Delivering IT Strategies

IT Strategy, why it’s important

Surprisingly many companies do not have an IT strategy, other than keeping what they have working at minimal cost. A common misconception is that IT is simply a service and does not need a strategy.

However, the truth is IT strategy is first and foremost not about IT at all. It’s about your business, your business processes and the future direction of the organisation. Talk of IT and IT related issues are only the final stages of constructing a strategy. How your business works and how it intends to grow and/or gain competitive advantage in the coming years are by far the bigger factors than any technical solution in itself.

Not having an IT strategy as part of your overall business strategy potentially misses out on the incredible advantage effective use of IT brings. Specifically, in streamlining operations and driving your business forward by going far beyond the day to day.

A good IT strategy project roughly comprises the following stages;

strat

Phase one of an effective IT strategy looks incisively at all key business activities such as processes (order taking, dispatch, data capture, management reporting etc) both manual and automatic to ensure they are as efficient as possible.  IT is ideally placed to bring economies in process, increase the speed of business, reduce costs and help build and retain customers, just by doing what you already do, but better.

Phase two of an effective IT strategy looks to the future, what is the company aiming to achieve and what part can IT play in meeting and exceeding those expectations. Perhaps by scaling up to handle more customers or locations, reaching new markets, creating new customer touch points or methods of delivery.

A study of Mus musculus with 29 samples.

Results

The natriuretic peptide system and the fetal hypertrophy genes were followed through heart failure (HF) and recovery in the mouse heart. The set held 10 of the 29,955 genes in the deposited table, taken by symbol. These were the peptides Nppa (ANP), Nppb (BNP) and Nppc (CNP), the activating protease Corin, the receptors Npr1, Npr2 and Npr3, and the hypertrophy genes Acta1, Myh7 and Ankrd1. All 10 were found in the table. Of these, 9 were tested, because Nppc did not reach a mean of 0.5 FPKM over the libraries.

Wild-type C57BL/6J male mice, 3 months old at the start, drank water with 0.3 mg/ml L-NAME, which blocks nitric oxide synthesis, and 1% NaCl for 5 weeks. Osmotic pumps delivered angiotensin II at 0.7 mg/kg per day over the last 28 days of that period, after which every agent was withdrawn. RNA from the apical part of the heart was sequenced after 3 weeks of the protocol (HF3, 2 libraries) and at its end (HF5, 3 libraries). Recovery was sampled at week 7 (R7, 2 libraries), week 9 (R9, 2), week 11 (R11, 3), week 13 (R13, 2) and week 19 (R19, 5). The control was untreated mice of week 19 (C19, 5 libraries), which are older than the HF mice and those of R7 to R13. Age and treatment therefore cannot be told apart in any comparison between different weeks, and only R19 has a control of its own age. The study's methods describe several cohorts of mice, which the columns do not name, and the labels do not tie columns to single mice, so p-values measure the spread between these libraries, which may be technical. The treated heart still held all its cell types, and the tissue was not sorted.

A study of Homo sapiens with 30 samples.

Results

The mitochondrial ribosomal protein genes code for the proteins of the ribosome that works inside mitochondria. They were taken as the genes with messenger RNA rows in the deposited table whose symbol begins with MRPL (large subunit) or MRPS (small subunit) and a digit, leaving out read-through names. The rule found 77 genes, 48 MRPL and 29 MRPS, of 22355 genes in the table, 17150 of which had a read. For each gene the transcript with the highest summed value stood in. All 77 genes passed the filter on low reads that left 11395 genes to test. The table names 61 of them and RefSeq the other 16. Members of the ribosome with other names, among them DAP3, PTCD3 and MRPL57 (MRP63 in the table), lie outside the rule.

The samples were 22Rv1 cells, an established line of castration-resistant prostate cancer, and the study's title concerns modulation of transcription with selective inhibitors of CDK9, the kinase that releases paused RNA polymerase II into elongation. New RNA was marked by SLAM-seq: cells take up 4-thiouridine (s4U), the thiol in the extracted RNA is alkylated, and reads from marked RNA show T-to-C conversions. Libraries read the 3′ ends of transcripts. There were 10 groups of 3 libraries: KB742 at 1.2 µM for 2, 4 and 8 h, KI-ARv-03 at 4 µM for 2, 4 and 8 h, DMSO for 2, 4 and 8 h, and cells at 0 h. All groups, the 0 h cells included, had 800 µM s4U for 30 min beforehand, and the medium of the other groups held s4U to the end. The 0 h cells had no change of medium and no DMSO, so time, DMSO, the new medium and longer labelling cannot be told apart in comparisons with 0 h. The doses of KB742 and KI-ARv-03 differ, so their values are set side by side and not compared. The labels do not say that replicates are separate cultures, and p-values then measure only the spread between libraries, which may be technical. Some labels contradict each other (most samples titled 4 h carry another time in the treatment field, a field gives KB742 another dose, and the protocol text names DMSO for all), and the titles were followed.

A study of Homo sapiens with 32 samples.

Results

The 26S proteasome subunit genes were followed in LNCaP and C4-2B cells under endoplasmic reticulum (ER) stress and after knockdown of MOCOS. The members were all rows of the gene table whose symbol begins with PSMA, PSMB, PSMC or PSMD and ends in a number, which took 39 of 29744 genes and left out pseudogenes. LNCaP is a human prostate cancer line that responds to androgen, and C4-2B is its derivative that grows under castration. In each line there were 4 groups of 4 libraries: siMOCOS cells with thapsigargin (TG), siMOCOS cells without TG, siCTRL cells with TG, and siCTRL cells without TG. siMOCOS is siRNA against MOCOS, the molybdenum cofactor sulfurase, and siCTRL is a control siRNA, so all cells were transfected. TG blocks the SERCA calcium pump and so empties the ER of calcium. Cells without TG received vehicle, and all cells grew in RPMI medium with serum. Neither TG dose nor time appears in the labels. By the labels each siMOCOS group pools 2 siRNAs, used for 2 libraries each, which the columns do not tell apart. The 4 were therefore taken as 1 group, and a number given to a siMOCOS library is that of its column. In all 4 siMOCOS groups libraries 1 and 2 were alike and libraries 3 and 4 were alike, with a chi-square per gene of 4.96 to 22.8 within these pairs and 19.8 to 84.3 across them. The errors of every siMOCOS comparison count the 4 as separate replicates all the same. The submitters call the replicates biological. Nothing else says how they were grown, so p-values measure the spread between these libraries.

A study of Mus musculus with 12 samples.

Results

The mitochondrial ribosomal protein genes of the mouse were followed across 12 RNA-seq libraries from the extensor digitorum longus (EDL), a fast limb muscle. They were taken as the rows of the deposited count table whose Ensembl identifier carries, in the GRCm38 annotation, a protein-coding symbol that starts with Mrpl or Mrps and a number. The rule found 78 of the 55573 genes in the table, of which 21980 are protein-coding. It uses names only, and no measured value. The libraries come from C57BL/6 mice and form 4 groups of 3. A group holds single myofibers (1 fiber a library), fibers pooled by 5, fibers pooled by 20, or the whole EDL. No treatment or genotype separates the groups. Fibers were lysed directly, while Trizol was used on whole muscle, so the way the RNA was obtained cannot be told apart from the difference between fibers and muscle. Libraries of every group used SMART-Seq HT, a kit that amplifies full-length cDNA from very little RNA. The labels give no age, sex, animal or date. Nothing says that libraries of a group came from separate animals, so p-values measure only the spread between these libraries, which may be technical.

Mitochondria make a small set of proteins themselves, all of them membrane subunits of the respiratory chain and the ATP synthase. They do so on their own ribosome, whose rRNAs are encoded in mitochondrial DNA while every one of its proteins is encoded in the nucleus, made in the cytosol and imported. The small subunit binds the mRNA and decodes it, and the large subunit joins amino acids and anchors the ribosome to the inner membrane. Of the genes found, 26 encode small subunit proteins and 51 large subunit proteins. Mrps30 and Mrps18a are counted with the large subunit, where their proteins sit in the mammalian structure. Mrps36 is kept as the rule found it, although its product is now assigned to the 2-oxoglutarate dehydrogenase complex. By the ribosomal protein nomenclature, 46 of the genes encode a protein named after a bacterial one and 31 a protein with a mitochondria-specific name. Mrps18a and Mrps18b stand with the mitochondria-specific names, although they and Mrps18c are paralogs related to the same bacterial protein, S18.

Phase three brings in the IT contribution. Future thinking IT specialists can offer new avenues or capabilities that the other departments may not even know was possible.

Phase four summarizes the above requirements into a future vision and draws up the human and computational resources required to meet the agreed vision.

Phase five reviews the current IT provision. Only at this stage is the strategy work starting to look at IT itself. We have a 25-step process for reviewing IT provision. (incidentally we offer this as a stand-alone service too). This is an assessment covering the key topics of resourcing, process, service, infrastructure, governance and supplier relationships.

The next stage is relatively straightforward. The IT strategy is built from the building blocks of what would be required to take the IT department from where it stands today in Phase five, to where it needs to be as identified in Phase four.

Then the tricky bit. Changes take time to implement, have pre-requisites, they invariably cost money and bring risk. The skillsets you need to effect change may well vary as the project progresses. Sometimes choosing what not to do comprise the biggest decisions. Compiling the three facets of people, process and technology into a timely, affordable plan of action agreed by stakeholders gives you your IT strategy.

If this sounds more than you reckoned, speak to us, we have created winning strategies for companies ranging from 20 employees to 10,000 employees.